By: Thoboloko Ntšonyane

Maseru – A recent report by the World Food Programme (WFP) highlights the urgent need for intervention to avert a food security crisis in the country.

The report had underscored the country’s vulnerability to natural disasters such as floods and droughts, compounded by low agricultural productivity and widespread poverty.

According to the WFP Lesotho Country brief published in May, these challenges are further exacerbated by malnutrition and the ongoing impact of HIV, which collectively aggravate the nation’s susceptibility to natural hazards.

“Poverty is widespread, persistent and deep, especially in rural areas. Almost half of the population of Lesotho suffers from poverty (49.7 percent) and almost one quarter (24.1 percent) suffers extreme poverty, living below the poverty line.”

It paints a grim picture, noting that Lesotho is grappling with a “triple burden of malnutrition.” This includes high levels of stunting, widespread micronutrient deficiencies, and rising obesity rates across all age groups. Agriculture, a major source of livelihood for the rural population and contributing seven percent to the GDP, falls short of addressing sufficient food security status of the country.

The combination of these factors demands l intervention to prevent a worsening of the food security situation.

WFP says M168 million is required as per its country strategic plan for July 2019 – June 2024.

It says for the month of May, at least 53 526 people have been assisted.

The country brief further indicates that $8 million about M145 million in funding is needed for the period from June to November 2024 to meet at least 70 percent of the total requirements.

To date, the WFP has procured 1,674 kilograms of food (including vegetables, fruits, and beans) from smallholder farmers. Approximately 53,056 school learners have been reached through these interventions and are currently receiving school meals.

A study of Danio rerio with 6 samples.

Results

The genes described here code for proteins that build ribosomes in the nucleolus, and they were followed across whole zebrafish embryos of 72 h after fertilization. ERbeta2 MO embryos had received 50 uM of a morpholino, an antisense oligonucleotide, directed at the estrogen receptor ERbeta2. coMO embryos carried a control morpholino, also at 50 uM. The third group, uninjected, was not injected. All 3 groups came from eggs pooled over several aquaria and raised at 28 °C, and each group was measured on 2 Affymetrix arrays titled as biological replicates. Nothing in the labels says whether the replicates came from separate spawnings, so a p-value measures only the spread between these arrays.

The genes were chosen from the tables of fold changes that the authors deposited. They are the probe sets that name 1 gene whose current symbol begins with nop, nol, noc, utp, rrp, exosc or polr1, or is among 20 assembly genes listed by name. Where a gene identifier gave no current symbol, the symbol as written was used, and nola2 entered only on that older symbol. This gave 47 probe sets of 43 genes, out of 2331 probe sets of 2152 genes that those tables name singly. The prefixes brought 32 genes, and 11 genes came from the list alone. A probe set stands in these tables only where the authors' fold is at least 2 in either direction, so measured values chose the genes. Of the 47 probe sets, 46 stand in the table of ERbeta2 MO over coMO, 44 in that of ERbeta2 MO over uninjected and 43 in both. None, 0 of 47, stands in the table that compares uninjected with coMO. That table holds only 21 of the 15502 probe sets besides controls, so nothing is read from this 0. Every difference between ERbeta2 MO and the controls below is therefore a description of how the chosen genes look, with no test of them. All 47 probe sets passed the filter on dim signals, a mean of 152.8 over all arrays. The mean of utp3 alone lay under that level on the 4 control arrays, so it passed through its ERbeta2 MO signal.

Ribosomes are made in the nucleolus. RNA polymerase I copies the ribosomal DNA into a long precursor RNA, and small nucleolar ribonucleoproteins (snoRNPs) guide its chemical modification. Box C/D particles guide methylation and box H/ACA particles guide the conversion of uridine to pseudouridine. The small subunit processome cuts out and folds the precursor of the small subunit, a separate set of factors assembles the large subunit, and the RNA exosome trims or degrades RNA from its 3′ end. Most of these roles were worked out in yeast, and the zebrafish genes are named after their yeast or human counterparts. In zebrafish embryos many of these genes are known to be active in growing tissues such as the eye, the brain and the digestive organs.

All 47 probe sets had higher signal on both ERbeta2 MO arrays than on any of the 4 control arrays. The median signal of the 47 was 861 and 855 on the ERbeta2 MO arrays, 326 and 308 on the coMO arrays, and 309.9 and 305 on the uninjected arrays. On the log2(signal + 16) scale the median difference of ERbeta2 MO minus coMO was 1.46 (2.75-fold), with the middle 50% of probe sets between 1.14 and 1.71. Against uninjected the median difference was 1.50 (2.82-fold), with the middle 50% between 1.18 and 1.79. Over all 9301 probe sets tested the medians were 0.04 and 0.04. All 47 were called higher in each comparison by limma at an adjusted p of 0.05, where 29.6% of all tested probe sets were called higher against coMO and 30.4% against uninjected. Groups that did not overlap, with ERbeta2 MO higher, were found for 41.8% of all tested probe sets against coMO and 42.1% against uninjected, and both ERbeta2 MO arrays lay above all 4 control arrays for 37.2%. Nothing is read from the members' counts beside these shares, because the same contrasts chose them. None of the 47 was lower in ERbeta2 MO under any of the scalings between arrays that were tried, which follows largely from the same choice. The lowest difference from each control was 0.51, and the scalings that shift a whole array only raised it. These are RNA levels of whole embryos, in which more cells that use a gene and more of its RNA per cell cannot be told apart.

It continues: “WFP requires USD 5.4 million (about M97,7 million)  to assist 40 000 households targeted for the upcoming lean season support (October 2024-March 2025). The country office is awaiting the publishing of the Lesotho Vulnerability Assessment and the Integrated Acute Food Insecurity Phase Classification (IPC) analysis which will include the magnitude of food insecurity for the consumption year 2024/2025.

“WFP, through the Adaptation Fund project, conducted trainings for various stakeholders (government miniseries, NGOs, youth organizations,  church leaders, farmers’ representatives, community leaders, and indigenous people) in four districts of Mokhotlong, Butha-Buthe, Leribe, and Berea.  The primary objective of these workshops was to strengthen the capacity of these stakeholders in interpreting climate services and effectively utilizing weather and climate information in their respective area of work.”

The King of Lesotho, serving as the African Union’s Nutrition Champion, recently had his status extended as a Nutrition Ambassador by the Food and Agriculture Organization (FAO). This honour also serves as a wakeup call for the country to redouble its efforts towards combating the food insecurity and the pressing food security challenges. 

Seemingly the government has not fully leveraged these accolades to address the nation’s needs. Despite the recognition and the opportunities it brings, substantial efforts to improve food security remain limited.

In a bid to prioritize agriculture, the government of Lesotho has, for the first time, allocated over a million maloti to the Ministry of Agriculture.  Notably, the government and the army have initiated partnerships with local farmers, engaging in farming blocks that aim to boost agricultural productivity and enhance food security.

In addition to government efforts, several organizations are working particularly in rural areas to build resilience and improve food security. These initiatives focus on providing support to smallholder farmers, introducing sustainable agricultural practices, and enhancing the overall agricultural infrastructure.

By strengthening the capacity of rural communities, these organizations aim to mitigate the impact of natural disasters and improve food availability especially when the food inflation is on a perpetual increase.

The combined efforts of the government, local organizations, and international partners are crucial in addressing the vulnerabilities and ensuring a more food-secure future for Lesotho.